8 Things to Do in New York’s Art World Before August 27


Lecture: Ralph Sessions, “The Shipcarver’s Art,” at American Folk Art Museum
New York used to be a hub of shipbuilding, and the ships themselves often featured ornate flourishes well worth examining. Join Ralph Sessions, director of special projects at DC Moore Gallery, as he takes you on a tour of some of the more interesting elements of the job. —Dan Duray
The American Folk Art Museum, 2 Lincoln Center, Columbus Avenue at 66th Street, New York, 6 p.m.


Screening: “Other Arrangements: An Evening of Screenings Selected by Frédéric Moffet,” at the New Museum
A selection of short films gives perspective on queer identity and struggles with traditional concepts of marriage and family. —Michael H. Miller
New Museum, 235 Bowery, New York, 7:30 p.m., $8


Opening: Liz Magic Laser, “Studio on the Street,” Open Studio Weekend, at Forever & Today, Inc.
Kicking off the open studio weekend, Liz Magic Laser, 2012 Studio on the Street artist-in-residence, transforms Forever & Today, Inc.ʼs LES/Chinatown storefront into a Situation Room-style set with television monitors and computer screens that appear to show news feeds from around the world as well as footage from her news-based performances and the de rigueur wall-clocks showing time from Tel Aviv to Moscow. —Rozalia Jovanovic
Forever & Today, 141 Division Street, New York, 6-8 p.m.


Party: Brian Edgerton, Jason Orrell, “Abstract Party,” at Local Project
Ain’t no party like an absract party because an abstract party don’t stop. Mr. Edgerton’s videos and Mr. Orrell’s paintings should combine into something special. “Set against the saturated market of throwaway images, theirs are made not to be consumed, but engaged: stripped down and retooled for dancing.” —D.D.
45-10 Davis Street, in front of MoMA PS1, Queens, 6 p.m. to 9 p.m.

Screening: October at Anthology Film Archives
Eisenstein’s classic 1928 film about the Russian Revolution provided the name for the art history journal that Rosalind Krauss and Annette Michelson founded in 1976 after leaving Artforum. The editors of that publication called the film “a work that is itself a celebration of the manner in which aesthetic innovation may be a vector in the process of social change.” Anthology writes, “‘Intellectual cinema’ starts here.” Decide for yourself. —Andrew Russeth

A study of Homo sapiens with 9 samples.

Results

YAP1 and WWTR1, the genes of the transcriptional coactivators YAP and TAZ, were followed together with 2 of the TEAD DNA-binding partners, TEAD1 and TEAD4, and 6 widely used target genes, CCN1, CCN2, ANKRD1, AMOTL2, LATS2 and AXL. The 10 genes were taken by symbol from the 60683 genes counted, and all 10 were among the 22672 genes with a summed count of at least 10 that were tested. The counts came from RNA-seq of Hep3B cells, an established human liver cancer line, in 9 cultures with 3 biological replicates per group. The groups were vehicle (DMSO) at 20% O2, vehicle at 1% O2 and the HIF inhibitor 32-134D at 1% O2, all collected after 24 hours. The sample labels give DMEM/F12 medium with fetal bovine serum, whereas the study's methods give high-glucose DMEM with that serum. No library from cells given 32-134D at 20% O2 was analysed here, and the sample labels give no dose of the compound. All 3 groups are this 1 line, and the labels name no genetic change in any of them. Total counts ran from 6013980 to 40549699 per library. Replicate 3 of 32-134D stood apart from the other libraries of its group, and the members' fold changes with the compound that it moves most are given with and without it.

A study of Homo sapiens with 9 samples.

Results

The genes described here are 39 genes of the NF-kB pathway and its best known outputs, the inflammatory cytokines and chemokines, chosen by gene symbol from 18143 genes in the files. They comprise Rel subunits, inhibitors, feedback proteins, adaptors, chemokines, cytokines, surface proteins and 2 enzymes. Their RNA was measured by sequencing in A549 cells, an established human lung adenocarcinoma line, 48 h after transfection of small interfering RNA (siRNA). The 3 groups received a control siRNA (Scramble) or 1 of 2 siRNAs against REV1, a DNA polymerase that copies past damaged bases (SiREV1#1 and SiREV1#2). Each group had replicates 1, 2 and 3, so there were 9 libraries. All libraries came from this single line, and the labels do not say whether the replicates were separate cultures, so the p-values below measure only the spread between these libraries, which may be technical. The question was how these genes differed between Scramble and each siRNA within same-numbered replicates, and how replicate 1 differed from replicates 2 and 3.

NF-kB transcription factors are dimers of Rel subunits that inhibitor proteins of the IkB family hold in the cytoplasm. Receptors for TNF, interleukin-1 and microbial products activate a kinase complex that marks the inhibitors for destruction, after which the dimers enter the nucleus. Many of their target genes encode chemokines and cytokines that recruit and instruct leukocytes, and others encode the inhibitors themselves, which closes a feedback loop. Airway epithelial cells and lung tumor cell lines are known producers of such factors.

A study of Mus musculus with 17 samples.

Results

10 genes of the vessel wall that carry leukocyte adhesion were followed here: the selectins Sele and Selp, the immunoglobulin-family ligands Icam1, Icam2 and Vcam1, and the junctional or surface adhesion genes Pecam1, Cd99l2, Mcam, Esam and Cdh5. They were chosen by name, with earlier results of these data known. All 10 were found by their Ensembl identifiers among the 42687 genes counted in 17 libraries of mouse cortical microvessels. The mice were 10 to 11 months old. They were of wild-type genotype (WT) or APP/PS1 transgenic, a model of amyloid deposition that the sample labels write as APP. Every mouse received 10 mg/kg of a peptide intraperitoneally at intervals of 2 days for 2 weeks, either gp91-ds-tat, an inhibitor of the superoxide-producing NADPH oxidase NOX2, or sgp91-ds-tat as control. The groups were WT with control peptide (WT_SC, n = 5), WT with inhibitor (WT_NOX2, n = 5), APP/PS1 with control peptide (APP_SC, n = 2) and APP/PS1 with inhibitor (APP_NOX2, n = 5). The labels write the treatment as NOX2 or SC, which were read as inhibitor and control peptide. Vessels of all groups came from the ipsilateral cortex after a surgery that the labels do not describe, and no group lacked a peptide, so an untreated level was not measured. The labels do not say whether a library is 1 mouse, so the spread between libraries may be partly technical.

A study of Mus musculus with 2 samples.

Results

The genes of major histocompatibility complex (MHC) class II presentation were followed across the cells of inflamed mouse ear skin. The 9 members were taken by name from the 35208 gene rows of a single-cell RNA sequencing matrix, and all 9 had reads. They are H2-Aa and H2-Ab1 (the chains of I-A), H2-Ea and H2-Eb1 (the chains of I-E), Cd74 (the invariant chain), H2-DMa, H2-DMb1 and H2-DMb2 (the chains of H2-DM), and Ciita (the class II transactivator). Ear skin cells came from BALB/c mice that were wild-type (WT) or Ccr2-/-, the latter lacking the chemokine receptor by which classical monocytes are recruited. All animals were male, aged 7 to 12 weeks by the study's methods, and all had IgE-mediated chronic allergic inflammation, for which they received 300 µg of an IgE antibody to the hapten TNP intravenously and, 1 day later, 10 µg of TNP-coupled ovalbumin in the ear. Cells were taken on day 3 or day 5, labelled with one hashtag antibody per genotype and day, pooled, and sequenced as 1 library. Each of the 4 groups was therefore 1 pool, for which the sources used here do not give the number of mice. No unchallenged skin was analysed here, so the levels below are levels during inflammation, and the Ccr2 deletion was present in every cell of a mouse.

Anthology Film Archives, 32 Second Avenue, New York, 5 p.m., $9

Panel: “Creative Place-Making,” at Storm King Art Center
Artists Eve Biddle, John P. Stern, Lily Yeh and Mark di Suvero will discuss how the arts transform communities with NEA Chairman Rocco Landesman. —M.H.M.
Storm King Art Center, Old Pleasant Hill Road, Mountainville, N.Y., 3-4 p.m., free with admission

Screening: Valie Export, Invisible Adversaries, at the New Museum
The New Museum continues its exploration of how moving-image technologies have shaped the visual arts with Valie Export’s 1976 film Invisible Adversaries in which Anna, an artist, becomes obsessed with the idea that invisible aliens are invading and taking over the world through mind control. The film is notable for its conflation of private and public spaces through violently edited montages, jarring sound and its blend of still photos and video. —R.J.
New Museum, 235 Bowery, New York, 3 p.m.


Screening: “For Chris Marker,” at Light Industry
Light Industry remembers the late experimental filmmaker Chris Marker, who died last month, with a full day of his films, from his collaborations with Alain Resnais in the 1950s (beginning at 10 a.m.) to 2004’s The Case of the Grinning Cat (which starts at midnight). Artists Paul Chan and Martha Rosler and historians Molly Nesbit and Tom McDonough will be among those offering introductory remarks. —A.R.
Light Industry, 155 Freeman Street, Brooklyn, 10 a.m.–midnight, doors at 9 a.m.